It’s bittersweet saying good-bye to summer. As the middle of September wanes, the things we so often associate with summer begin to dwindle – outdoor concerts, small town festivals, farmer’s markets, long days on the lake, sunlight late into the evening. But autumn brings its own delights – crisp air, vibrant colors, and bountiful fall produce. And fields of first-time college students, who are as it says in Matthew 9, ready for the harvest.
InterVarsity chapters around the country prepare themselves every fall for the new influx of students, ready to gather them into their communities. Just like the changing of the seasons, incoming freshman bring new things for us to enjoy about them. Like the colorful leaves of fall, they are vibrant – they are ready for adventure and open to new experiences.
Inviting these curious students to participate in InterVarsity fall activities is an irreplaceable evangelistic approach for chapters. During New Student Outreach (NSO), InterVarsity chapters have the opportunity to invite people to join the Fellowship who might, once they have established their school year routines, look right past a Christian group. But because first-year students are new on campus, they enter college looking for ways to connect with others and find community, providing InterVarsity students a unique chance to begin building friendships with non-Christians.
So, InterVarsity Chapters have to think strategically about the best way to connect with freshmen as a group, to make sure that the chapter is visible on campus in the first few weeks, and to make personal contact with individual students.
For some schools, hanging up posters and banners displaying the InterVarsity logo is enough to attract attention. At Bucknell University in Pennsylvania and William Penn University in Iowa, the chapters are using the InterVarsity banner as a visual aid wherever they are stationed this fall; they are attracting the attention of students by hanging the banners from information tables, as well as by putting them up during their weekly meetings.
But for some, hanging a banner is not effective. At the School of the Art Institute of Chicago (SAIC), InterVarsity staff workers, Dave and Erin Foster, have identified a great way to get students interested in talking with them: food. The way to any college student’s heart is through a tasty snack. SAIC InterVarsity members are inviting people milling around in common areas to prayer meetings, Bible studies, and church by talking with them and handing out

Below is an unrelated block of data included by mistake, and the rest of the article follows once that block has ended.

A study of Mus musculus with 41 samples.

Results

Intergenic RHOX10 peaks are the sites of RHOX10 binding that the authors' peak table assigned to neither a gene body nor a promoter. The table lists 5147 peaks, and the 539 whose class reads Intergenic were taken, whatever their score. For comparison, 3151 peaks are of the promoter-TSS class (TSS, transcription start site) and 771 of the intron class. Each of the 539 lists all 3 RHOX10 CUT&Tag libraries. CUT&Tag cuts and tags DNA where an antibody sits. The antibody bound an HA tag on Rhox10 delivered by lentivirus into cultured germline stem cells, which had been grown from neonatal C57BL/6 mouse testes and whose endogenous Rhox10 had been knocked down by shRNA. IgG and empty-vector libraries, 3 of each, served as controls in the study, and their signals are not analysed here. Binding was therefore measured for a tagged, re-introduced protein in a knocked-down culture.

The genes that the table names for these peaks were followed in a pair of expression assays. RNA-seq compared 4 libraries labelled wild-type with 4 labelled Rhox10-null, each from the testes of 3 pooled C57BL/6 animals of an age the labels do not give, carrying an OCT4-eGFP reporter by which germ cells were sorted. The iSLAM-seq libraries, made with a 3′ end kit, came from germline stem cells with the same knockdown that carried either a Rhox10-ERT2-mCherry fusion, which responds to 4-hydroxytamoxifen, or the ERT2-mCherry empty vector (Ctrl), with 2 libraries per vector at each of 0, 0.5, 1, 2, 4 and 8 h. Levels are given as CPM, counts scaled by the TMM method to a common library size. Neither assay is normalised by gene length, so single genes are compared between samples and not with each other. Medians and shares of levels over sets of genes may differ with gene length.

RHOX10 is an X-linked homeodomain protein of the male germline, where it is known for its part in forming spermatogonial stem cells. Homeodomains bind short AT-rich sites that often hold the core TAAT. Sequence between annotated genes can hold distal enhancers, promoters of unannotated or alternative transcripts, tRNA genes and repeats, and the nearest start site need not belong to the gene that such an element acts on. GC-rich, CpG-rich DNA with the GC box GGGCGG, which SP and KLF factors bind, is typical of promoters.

All three schools, SAIC, Bucknell, and William Penn, have planned other ways to get the word out about InterVarsity and to start involving students right away. At William Penn, members of InterVarsity are helping to move freshmen into their dorm rooms.
Move-in day for freshman is stressful and intimidating. For many students it’s the first time that they will live away from home; saying good-bye to their parents that first day can be tough. To have students there, helping them haul their heavy loads into their dorm rooms and taking a personal interest in them right from the start, is an incredible way to draw people into community. People are often attracted to others who care for them.
One of the first Saturdays after the start of school at Bucknell the InterVarsity chapter is hosting a day-long service trip. Incoming freshman may not be very outward oriented when they first arrive on campus; however, opportunities to serve allow them to focus on a world that is bigger than themselves. Many InterVarsity chapters have found service projects an opening for discussion and a chance to build strong friendships.
There are so many unique opportunities at the beginning of the school year to begin investing in the lives of others. First-year students come to college ready for new experiences, eager to find community, and open to new ideas. Many InterVarsity chapters have realized the call to harvest these students and are taking advantage of the chance to invite them into both their lives and their chapter.
Read More: InterVarsity students help new international students find furniture for their apartments – story reported by Student Life newspaper at Washington University.